Aldermen keep options open on power aggregation
Evanston aldermen voted Monday to keep their options open in negotiating for electric aggregation pricing, despite pressure from environmental activists to commit to buying 100 percent renewable energy.
During public comment, Steve Perkins of the Interreligious Sustainability Council showed a letter from 20 local religious leaders supporting the all-renewable plan.
"We call upon the Evanston City Council to help wean Evanston from electricity generated by fossil fuels in favor of 100 percent sustainable, healthy energy from sources like wind and solar," the letter read in part.
And Eleanor Revelle, of 2815 Lakeside Court, said coal-fired power plants are a major contributor to pollution.
When it came time to vote, Alderman Melissa Wynne, 3rd Ward, suggested that instead of seeking pricing for several different levels of renewable energy, the city just ask for quotes from suppliers for 100 percent renewable.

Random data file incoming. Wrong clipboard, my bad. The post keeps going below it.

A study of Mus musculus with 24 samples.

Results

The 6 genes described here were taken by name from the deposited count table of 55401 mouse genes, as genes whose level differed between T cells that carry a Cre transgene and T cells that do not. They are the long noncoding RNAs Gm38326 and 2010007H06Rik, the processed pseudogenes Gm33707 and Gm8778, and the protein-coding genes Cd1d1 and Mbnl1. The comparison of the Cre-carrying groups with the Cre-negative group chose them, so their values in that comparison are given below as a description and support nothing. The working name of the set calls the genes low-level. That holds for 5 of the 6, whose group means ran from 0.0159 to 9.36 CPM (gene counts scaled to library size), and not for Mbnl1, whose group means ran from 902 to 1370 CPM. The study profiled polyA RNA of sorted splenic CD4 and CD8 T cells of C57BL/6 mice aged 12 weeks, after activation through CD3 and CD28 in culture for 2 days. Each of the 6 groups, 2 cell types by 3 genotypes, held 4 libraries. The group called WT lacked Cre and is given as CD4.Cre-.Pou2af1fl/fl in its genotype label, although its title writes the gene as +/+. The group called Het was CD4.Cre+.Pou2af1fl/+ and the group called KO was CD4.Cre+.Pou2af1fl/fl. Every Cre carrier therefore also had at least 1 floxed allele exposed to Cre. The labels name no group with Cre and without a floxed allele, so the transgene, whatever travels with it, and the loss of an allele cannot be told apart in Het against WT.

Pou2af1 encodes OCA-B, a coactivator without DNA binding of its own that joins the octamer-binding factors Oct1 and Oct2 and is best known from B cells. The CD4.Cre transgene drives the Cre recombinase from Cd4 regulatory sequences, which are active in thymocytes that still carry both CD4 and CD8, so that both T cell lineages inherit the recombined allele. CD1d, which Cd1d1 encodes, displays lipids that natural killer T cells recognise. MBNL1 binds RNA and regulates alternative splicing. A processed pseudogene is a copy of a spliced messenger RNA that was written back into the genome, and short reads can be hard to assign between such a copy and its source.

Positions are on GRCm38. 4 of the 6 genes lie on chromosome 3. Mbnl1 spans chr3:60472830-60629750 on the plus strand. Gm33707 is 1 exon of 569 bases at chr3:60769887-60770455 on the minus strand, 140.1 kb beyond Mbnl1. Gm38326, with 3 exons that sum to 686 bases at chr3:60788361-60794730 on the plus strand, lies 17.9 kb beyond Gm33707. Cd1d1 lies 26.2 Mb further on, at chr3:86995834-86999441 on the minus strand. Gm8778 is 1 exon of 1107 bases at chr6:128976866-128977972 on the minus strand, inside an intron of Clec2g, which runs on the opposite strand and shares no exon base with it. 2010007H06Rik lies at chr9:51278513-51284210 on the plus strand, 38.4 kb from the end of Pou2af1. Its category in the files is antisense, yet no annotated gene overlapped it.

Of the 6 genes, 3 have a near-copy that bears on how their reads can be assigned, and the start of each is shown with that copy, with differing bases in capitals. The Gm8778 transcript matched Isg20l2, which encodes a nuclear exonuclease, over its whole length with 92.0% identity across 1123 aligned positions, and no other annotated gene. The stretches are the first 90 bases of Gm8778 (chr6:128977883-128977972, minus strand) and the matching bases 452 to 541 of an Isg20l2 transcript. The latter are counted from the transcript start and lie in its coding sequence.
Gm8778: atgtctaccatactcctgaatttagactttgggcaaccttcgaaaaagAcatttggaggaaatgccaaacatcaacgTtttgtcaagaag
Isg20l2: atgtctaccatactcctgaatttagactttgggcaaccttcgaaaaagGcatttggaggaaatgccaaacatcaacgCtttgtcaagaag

But she was persuaded to withdraw that motion after Utilities Director Dave Stoneback suggested that tipping the city's had about which option it favored might result in not getting the best pricing from the suppliers.
The city's utility commission has recommended opting for at least 75 percent renewable energy, and considering 100 percent renewable if the extra cost is relatively small.
Preliminary price estimates suggest that the municipal electric aggregation program might cut the electric bill for an average consumer by as much as $25 a month, with savings shrinking by only about $1 for all renewable energy. But city officials have cautioned that the electricity prices are volatile, and the actual savings the city achieves may not be that large.
The city next will hold a series of hearings on the electric aggregation program beginning with one at 7 p.m. April 3 at the Civic Center. The City Council then is scheduled to give final approval to the plan at its meeting April 10.
After that the city will seek bids from power suppliers, with the city manager authorized to sign a contract with the provider that provides the best pricing option.
The new supplier would become the default choice for residential and small business electric customers in the city, but individual customers could still opt to choose a different supplier.
Update 11:30 a.m.3/28/11: Some other communities are already locking in deals with alternative suppliers. Details from Crain's Chicago Business.